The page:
A Living Legacy: Donor Profile

Darby and Geri Nelson take the word “love” very seriously. The couple’s 45-year marriage is a testament to that, but so is their commitment to conservation. 

“The word ‘love’ means protecting and keeping from harm. Often, we say ‘I love,’ or ‘We love our lakes,’” said Darby. “But if that’s true, then why do we not only allow but participate in their deterioration?” 

Make no mistake, the Nelsons love lakes. The retired biology instructors have spent their lives as freshwater activists—writing articles and giving lectures for the sake of conservation. Darby, who served in the Minnesota Legislature, also authored a book fittingly titled, For Love of Lakes, about people’s relationship to lakes throughout the United States. 

Recently, in an effort to protect Minnesota lakes from further degradation, the couple made a generous donation to The Nature Conservancy to help with its new freshwater initiative. The Nelsons have been with the Conservancy for more than 35 years, providing continual support through the decades. Darby also served as a trustee, helping oversee the Conservancy’s work in Minnesota.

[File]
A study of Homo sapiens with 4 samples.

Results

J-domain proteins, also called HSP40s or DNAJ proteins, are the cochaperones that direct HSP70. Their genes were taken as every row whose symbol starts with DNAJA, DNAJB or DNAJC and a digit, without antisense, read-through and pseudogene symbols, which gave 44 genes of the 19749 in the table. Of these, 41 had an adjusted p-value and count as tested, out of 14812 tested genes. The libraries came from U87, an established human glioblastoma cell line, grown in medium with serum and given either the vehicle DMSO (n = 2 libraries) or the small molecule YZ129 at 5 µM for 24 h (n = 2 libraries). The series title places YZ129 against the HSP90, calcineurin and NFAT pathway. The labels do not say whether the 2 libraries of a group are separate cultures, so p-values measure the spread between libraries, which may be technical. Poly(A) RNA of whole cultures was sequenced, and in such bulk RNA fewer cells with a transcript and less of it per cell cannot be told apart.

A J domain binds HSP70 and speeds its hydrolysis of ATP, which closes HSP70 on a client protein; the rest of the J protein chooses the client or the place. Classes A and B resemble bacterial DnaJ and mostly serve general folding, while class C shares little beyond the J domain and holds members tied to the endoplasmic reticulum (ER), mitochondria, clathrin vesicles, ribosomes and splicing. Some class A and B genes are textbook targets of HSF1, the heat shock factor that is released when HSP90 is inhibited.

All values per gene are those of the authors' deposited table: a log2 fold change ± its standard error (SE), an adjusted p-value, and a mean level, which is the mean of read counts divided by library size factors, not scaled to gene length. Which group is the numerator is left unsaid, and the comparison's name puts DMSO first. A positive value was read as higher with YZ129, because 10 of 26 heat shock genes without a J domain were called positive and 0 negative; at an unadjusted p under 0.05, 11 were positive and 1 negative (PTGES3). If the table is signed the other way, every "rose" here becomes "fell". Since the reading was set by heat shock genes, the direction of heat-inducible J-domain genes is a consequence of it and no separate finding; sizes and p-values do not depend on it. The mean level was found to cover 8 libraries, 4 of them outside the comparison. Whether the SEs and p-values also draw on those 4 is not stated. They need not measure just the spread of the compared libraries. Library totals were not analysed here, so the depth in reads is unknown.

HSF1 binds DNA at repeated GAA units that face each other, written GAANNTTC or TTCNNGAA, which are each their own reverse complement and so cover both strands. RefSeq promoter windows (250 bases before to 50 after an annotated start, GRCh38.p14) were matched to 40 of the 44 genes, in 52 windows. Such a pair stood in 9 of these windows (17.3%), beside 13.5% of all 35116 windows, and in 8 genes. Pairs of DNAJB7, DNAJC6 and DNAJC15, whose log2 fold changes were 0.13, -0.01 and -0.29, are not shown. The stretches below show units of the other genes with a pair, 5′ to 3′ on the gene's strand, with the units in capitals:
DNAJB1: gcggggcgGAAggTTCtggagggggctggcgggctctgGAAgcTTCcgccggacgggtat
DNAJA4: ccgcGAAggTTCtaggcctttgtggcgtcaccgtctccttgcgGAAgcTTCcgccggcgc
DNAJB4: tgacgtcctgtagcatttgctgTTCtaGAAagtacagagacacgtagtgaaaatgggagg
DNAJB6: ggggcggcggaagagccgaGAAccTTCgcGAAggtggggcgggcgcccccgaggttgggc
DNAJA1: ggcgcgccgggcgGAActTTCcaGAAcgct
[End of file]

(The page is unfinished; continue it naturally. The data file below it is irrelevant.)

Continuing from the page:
As Legacy Club members, they originally named the Conservancy as a beneficiary of their estate. 

“But then we got to thinking, we lose more aquatic ecosystems every month,” said Darby. “Why wait? It makes sense to move some resources around right now.” 

The decision to make their gift now rather than later was solidified when they spoke with the Conservancy’s Assistant State Director of Minnesota, North Dakota and South Dakota, Doug Shaw, about the freshwater program. 

“It’s focused on protecting the healthy watersheds, instead of the ones that are sick,” explained Shaw. “It’s totally in line with the Nelsons’ philosophy.” 

The program is targeting three areas: the St. Croix River basin, the Mississippi River headwaters and the Root River basin. Because of the Nelsons’ generous gift, the initiative is well on its way, with scientists already completing blueprints for the St. Croix and Root rivers. 

“Philanthropy is good for the soul,” said Darby. “If you’re ever feeling down in the dumps, just give to a cause you love. You’ll feel pretty peppy, pretty fast!”